Abstract W P298: Simulation Based Acute Stroke Training for Neurology Residents
Background: The majority of patients presenting with acute stroke in teaching hospitals are assessed by neurology residents. Simulation based training has been shown to be an effective teaching tool in medical education. We sought to determine whether simulation based training improves learner confidence in the evaluation and management of acute ischemic stroke.
Methods: We devised a simulated acute stroke scenario utilizing a standardized patient instructed to act out a right hemispheric syndrome and an emergency department nurse. Scenarios were performed in May/June of 2013 and April/May of 2014. Laboratory values, vitals, electrocardiogram and a normal head computerized tomography scan were shown to the residents. Residents were expected to efficiently take a focused history, perform an NIHSS exam, evaluate exclusion and inclusion criteria, obtain informed consent for thrombolysis administration and give the correct dose of t-PA. Following t-PA administration, the patient develops an acute severe headache and the learner is evaluated on whether they immediately discontinue the infusion and initiate appropriate management steps for t-PA associated hemorrhage. Following the scenario the learner met one on one with staff for a debriefing session. Learner confidence in the management of acute stroke was assessed before and after the simulation experience using a 5 point Likert scale with 1=novice, 3=competent and 5=expert. Following the simulation, learners were asked to evaluate the experience (poor, needs improvement, good or outstanding).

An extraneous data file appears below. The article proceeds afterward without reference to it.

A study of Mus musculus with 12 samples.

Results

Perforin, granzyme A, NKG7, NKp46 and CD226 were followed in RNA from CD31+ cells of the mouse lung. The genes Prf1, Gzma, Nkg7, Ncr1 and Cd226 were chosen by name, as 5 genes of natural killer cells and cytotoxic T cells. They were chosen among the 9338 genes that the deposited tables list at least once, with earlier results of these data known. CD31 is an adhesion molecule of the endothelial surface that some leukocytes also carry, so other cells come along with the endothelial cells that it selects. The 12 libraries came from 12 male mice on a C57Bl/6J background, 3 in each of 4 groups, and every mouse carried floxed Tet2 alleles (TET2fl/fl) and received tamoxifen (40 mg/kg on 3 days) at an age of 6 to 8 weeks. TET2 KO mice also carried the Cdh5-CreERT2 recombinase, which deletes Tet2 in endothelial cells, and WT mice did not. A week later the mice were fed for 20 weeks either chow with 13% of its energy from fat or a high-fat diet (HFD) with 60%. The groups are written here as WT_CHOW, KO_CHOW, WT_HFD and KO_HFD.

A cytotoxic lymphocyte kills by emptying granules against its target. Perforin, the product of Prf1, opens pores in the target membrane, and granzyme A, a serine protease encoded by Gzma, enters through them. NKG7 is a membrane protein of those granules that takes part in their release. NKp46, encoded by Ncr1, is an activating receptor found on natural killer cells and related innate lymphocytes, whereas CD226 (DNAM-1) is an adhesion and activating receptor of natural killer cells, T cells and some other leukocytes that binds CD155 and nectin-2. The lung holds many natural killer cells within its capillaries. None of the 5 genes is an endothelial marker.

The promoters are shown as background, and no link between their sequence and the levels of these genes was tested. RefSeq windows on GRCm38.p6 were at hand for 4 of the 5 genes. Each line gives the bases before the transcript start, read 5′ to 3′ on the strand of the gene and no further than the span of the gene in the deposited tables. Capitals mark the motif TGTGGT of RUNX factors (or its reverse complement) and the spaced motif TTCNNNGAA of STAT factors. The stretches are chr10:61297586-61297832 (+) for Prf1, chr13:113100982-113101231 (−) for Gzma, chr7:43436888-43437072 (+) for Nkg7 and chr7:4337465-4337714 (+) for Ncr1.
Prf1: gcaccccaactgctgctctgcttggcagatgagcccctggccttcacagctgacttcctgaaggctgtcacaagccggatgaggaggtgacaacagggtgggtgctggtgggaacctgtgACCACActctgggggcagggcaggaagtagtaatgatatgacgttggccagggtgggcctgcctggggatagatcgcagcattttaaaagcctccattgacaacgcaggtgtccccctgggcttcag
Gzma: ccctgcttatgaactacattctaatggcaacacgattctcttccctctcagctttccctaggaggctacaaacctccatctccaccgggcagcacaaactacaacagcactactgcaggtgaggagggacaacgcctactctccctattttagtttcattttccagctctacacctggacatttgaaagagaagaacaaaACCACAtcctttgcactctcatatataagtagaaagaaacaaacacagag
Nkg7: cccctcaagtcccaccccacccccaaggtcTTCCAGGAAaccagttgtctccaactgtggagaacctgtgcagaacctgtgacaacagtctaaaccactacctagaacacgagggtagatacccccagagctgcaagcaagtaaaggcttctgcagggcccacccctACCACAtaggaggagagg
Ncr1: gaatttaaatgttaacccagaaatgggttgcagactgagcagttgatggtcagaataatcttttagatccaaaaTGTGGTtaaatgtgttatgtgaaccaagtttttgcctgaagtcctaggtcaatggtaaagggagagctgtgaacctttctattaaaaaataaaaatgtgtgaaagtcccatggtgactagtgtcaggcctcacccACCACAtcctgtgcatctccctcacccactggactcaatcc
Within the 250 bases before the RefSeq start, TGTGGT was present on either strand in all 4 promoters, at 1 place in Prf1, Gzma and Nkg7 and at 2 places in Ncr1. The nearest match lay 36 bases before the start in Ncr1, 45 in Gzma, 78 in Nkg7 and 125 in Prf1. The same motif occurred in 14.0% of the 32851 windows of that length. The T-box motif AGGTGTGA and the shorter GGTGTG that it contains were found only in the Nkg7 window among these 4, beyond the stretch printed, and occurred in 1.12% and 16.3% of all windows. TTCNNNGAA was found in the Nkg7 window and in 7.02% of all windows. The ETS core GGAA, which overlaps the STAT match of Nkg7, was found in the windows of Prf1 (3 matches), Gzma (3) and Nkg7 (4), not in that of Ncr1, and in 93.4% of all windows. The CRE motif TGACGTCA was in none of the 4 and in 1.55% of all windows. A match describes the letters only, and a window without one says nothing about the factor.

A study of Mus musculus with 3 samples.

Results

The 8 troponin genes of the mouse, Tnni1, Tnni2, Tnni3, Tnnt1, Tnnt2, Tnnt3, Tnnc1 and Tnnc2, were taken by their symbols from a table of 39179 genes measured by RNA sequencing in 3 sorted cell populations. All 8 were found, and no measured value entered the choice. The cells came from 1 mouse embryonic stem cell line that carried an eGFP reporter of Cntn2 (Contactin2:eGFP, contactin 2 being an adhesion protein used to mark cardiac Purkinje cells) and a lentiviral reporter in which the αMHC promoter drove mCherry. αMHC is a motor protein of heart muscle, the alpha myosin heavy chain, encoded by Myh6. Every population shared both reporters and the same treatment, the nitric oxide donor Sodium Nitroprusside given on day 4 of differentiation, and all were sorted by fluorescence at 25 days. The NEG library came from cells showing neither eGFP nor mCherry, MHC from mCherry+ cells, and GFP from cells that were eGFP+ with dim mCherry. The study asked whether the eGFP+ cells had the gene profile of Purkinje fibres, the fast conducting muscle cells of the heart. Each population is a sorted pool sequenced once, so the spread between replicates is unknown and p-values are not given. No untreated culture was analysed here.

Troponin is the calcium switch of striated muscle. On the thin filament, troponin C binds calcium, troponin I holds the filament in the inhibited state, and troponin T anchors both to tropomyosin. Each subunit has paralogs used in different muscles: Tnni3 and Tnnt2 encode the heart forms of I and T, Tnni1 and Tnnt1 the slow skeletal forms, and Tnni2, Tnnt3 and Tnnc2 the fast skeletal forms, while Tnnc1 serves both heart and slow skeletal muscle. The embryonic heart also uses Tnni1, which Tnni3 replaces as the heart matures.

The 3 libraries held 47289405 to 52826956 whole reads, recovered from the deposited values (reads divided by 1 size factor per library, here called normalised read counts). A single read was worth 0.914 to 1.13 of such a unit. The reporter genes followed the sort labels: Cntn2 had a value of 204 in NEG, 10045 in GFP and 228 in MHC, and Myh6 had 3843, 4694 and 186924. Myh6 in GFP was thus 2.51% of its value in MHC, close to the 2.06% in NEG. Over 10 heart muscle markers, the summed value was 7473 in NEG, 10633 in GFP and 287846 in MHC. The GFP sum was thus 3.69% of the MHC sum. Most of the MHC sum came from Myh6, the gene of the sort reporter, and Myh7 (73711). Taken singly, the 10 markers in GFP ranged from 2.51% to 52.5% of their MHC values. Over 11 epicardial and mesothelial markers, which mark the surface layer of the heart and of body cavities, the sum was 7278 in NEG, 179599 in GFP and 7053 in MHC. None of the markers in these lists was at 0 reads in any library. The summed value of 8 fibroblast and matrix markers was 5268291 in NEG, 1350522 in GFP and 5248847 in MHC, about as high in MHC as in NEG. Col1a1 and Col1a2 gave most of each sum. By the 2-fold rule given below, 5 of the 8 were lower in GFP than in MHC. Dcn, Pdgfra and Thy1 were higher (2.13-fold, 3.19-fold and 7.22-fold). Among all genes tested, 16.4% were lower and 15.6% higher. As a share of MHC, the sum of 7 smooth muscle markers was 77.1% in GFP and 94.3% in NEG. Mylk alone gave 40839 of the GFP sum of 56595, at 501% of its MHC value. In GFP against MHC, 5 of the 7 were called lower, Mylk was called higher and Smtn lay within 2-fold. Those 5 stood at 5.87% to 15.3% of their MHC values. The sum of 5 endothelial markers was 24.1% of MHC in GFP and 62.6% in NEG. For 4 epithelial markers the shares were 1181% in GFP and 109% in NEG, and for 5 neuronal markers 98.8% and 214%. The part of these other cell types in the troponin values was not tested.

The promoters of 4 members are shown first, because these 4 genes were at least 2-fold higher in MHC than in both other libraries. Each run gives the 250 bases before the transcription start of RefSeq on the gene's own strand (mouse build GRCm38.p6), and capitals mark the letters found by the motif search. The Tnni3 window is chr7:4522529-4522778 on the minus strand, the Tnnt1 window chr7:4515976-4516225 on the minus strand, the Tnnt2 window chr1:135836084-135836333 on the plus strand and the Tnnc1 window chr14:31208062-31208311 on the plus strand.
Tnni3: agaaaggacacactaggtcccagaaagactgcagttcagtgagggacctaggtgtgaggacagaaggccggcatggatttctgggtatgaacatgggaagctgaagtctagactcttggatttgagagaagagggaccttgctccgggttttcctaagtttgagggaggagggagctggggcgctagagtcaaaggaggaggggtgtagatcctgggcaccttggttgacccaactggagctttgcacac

Results: 21 Neurology residents completed the scenario (11 in 2013 and 10 in 2014). Learner confidence improved from mean 2.81(SD-0.88) to 3.36(SD-0.73), p=0.03. Evaluations were favorable with all residents reporting a ‘good’ or ‘outstanding’ experience.
Conclusion: We have demonstrated that simulation training in the evaluation of acute ischemic stroke among neurology residents is feasible and improves learner self-confidence.
Author Disclosures: D. Khanal: None. S. Hocker: None.
- © 2015 by American Heart Association, Inc.